Back in the 1970’s Norma Stephenson, a former gambling addict, spoke about sneaking off behind her family just to gamble. She explained her addiction to gambling was so great; she couldn’t walk past any arcade room without going inside and playing. Since then, the mother of two, grandmother of seven, has gone in totally different directions. She tried her hand at politics and now is an imposing councilor on Teeside’s political scene. Let’s take a look.

First and foremost, let’s take a look at Stephenson’s path. At 63-years-old, she is a member for Hardwick and Salters Lane. She was president of UNISON in 2007/08 and chairman of the Labor Party in 2010/11. We don’t have to tell you that that’s quite an impressive CV. However, let’s take you back to the 1970’s, where her problems started.

The 1970’s Period

Working as a barmaid at Hardwick Hotel, Stephenson wasn’t making the same living as she is at the moment. She reflects that she worked as a barmaid at the start of the 1970’s before switching to the profession of a healthcare worker at North Tees Hospital.

Bringing up a young family at the time, she says:

                  “It started off passing time and then it slowly progressed to something I had to do every day,”

“And then it got worse and worse – the problem I had was a I could afford to gamble but that slowly got to the stage where I was hiding how much I was spending.”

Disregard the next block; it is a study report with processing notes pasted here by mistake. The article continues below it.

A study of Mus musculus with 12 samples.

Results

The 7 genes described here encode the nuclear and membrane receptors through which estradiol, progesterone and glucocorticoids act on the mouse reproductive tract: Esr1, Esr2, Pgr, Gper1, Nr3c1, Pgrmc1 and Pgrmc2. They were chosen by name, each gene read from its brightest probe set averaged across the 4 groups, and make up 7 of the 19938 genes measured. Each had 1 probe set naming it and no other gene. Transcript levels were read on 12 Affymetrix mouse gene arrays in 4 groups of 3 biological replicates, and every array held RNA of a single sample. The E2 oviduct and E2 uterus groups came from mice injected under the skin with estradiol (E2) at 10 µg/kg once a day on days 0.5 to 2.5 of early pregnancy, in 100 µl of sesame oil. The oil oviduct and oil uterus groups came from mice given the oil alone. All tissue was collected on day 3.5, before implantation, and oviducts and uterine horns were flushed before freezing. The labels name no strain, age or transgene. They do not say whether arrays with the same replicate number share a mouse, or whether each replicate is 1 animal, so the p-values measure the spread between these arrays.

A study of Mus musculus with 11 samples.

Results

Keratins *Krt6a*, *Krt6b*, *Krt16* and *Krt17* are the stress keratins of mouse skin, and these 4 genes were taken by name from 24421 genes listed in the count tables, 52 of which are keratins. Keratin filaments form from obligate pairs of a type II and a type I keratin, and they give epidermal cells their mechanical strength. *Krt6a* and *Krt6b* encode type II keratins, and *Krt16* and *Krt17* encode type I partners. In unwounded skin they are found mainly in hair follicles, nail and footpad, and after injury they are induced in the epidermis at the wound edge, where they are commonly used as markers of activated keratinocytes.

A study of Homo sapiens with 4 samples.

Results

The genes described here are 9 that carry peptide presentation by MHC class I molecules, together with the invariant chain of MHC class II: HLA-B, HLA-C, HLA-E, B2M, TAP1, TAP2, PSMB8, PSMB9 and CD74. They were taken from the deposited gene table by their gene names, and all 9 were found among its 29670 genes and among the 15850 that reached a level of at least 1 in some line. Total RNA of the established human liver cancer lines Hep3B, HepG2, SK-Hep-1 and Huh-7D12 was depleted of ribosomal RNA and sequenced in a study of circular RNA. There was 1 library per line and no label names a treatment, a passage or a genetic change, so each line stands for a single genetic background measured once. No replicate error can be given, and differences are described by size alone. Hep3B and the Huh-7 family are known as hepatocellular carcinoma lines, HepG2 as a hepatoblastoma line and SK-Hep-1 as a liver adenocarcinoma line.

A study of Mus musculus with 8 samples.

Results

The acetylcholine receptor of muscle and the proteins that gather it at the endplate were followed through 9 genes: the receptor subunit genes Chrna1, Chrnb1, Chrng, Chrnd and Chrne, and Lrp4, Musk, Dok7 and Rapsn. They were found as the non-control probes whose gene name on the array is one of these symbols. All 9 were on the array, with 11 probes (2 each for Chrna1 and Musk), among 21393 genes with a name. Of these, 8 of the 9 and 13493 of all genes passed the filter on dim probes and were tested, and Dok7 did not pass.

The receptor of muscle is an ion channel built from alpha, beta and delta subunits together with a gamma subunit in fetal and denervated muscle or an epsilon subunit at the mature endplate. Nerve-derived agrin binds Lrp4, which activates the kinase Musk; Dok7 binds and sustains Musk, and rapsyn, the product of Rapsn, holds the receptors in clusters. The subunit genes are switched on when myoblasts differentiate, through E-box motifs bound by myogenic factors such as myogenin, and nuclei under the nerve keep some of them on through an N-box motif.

Stephenson started to realize she had a problem when she couldn’t walk past a gambling arcade without going inside.

“It never bothered me in the pubs – I used to live off the town when I was first married with the kids,”

“It started off passing time – it was the arcade that’s still there. It’s when you start sneaking in – you realise you are doing something wrong.

“At one point I was in tears over it – I couldn’t walk past it without spending money,”

It came to the point where she had actually lost a whole month’s rent when she couldn’t bear to think about what kind of addiction she had.

“It was £20 – but bearing in mind it was the 70s and my rent was £5-a-week – it was a lot of money,”

Former Gambling Addict Opens Up

What was possibly the greatest help to her was actually speaking with someone about her addiction. That was when finally the “penny dropped” and she could start to recover. Back then, there weren’t any gambling addiction facilities so she started to talk to her colleagues about her problems. They helped her by keeping a close eye on what she spent her money on and made sure she didn’t blow everything on gambling.

I worked nights so we used to talk a lot through the night. I was with one of the girls and I said I was in the arcade and I had lost £20.

“She said it was absolutely ridiculous – but I couldn’t help it. Slowly, within a group of us we all got talking about it.

“There was no saying ‘you shouldn’t be doing that’ – it was more ‘do you realise the consequences’ – and they told me it wouldn’t get any better.”

The former gambling addict has since went on to have an amazing career and has stated that her gambling problems were the most difficult test to overcome.


Simon is a University student majoring in the field of Communication. Since a young age, his two passions are writing and sports. Originally from England, the Premier League is an important part of his life.